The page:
Many companies place marketing and branding in the same department, and likewise, many schools of business consider the two disciplines part of the same overall curriculum. Some business professionals start their careers unaware of the difference between marketing and branding, however, and can end up sabotaging their efforts at one with a lack of appreciation of how it relates to the other.
This can lead to an organization that has two left feet: one that constantly trips over itself in hopes of courting markets that aren’t interested in its brand, or that sabotages its brand through persistent marketing efforts that don’t suit its image. Similarly, changes in branding can undercut ongoing marketing efforts. As brand-building budgets increase in size by about 7% per year, making those expenditures count is more important than ever.
Marketing in Review: The Day-In, Day-Out
Marketing has been defined in various ways depending on contexts, but when dealing with its contrasts with branding, marketing is best seen as the tactical decisions made in the interest of getting people to buy products. Efforts in marketing focus on product, place, price, and promotion, and generally get people to purchase new products and make decisions in their day-to-day lives.
As a rule, marketing attracts customers actively rather than passively. People see pieces of marketing communication, such as advertisements and news releases, and make decisions regarding new information they gain as a result. It also can serve as a reminder that a product or service exists for customers who are only somewhat aware.
Branding in Review: An Identity and a Promise
Branding, on the other hand, has to do with the way in which customers engage with a company emotionally. Through the sum of customers’ experiences with the company, the products the company offers, and the service that company provides, a business develops a brand identity. Customers begin to associate consistent, specific qualities with a company’s offerings, and in turn, branding makes sure that products and services stay at the top of those customers’ minds.
A brand can also be considered a promise. By associating particular traits or benefits with a given brand, customers come to expect a similar caliber of traits and benefits will come with each new product offered under the brand. This association, in turn, can lead to changes in a brand over time, as new products are introduced or quality changes significantly.
One issue that can come up as branding and marketing drift apart is a drift of the brand’s identity. Some drift happens naturally, especially among businesses which have built their fortunes on specific age groups, but a brand’s image can also change as a result of ill-targeted or failed marketing efforts. When a company fails to convey sentiments consistent with customers’ expectations through its advertising and marketing efforts, customers will eventually change their perception of the brand itself.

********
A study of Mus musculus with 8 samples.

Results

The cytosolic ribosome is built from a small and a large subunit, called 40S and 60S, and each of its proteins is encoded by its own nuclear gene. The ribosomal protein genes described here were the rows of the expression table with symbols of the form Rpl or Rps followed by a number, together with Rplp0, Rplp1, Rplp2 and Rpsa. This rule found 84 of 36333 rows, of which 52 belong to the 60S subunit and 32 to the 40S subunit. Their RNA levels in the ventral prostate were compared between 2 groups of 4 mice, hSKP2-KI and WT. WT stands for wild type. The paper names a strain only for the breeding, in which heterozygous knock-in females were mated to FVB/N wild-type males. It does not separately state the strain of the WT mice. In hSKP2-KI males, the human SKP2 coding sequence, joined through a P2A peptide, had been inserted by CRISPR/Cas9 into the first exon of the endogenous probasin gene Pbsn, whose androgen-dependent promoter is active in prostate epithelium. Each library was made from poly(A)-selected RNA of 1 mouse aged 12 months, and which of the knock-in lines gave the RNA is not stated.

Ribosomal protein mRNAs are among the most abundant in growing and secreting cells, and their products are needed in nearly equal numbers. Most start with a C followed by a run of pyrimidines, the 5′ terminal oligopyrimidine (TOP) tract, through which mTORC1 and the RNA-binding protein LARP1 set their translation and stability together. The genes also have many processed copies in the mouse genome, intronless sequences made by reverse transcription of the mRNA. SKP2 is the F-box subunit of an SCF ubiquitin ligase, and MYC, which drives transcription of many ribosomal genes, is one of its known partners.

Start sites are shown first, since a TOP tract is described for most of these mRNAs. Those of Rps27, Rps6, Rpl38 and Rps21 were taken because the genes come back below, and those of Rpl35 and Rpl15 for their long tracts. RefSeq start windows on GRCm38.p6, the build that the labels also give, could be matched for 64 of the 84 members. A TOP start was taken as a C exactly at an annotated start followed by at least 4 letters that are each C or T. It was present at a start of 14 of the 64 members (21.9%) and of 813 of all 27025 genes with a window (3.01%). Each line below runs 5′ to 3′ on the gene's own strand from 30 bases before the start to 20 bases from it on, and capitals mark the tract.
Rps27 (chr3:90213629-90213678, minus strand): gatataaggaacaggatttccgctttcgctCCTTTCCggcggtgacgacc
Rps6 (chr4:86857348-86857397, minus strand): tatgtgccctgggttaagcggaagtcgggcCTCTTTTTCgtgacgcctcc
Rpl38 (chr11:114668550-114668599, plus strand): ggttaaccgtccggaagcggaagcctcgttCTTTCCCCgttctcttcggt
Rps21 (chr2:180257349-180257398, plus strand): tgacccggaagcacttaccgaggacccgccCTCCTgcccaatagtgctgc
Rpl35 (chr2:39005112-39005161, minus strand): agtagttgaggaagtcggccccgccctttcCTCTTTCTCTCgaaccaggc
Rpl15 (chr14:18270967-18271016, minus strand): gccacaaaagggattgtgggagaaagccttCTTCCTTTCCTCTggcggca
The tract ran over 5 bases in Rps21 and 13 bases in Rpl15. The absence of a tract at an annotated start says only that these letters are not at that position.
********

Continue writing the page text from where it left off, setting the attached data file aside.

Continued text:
Sometimes this is desirable, especially when a brand has lost its luster or taken on associations through no fault of its own. In these cases, marketing efforts should focus on being in line with the brand promise the company wants to portray, rather than the one it currently offers. This is a slow, purposeful process, however, and can take years.
Before any major marketing campaign, take some time to think about the connotations the marketing materials should have. Do these materials imply something that isn’t consistent with the brand up to that point, or with the company’s intentions for the brand in the future? Could it change people’s perceptions in a way that would make the marketing materials less memorable, or make it hard to associate them with the brand itself? Sometimes, this can be taken to an extreme, and become a different problem entirely.
An ad-brand incongruency occurs when marketing communication pieces don’t line up with a customer’s expectations of the brand. Customers bring their preconceived notions of the brand to the table when assessing the advertisement, and when they don’t line up, they often end up confused. This can lead to a muddled message that is less memorable and potentially less effective, especially for nascent brands, or those which are only somewhat established. In these cases, incongruent marketing can render a brand and its promise unclear. Savvy customers may even apply this scrutiny to different brands owned by the same company, seeing disparate values and promises as a betrayal of trust.
Extremely visible brands, however, can use ad-brand incongruency to their advantage. While it diminishes the effectiveness of an individual campaign somewhat, customers form separate opinions regarding marketing campaigns and brands. Occasionally pushing the limits of a campaign or breaking from tradition can change customers’ attitudes toward a well-established brand for the better, according to a 2004 study on ad-brand incongruency. The customer is given the chance to experience a departure from business as usual, and comes to see the brand as more novel.
What do you think?
While not every marketing effort will fly straight down the middle of a company’s brand image, the sum total of a company’s efforts should create a clear, consistent promise in a customer’s mind. This clarity will ultimately lead to a more memorable product that occurs to anyone in need of the benefits this product provides. Have you been part of a shift in branding? Has a marketing campaign changed the way people see your company’s product? Share your experiences with marketing and branding in the comments.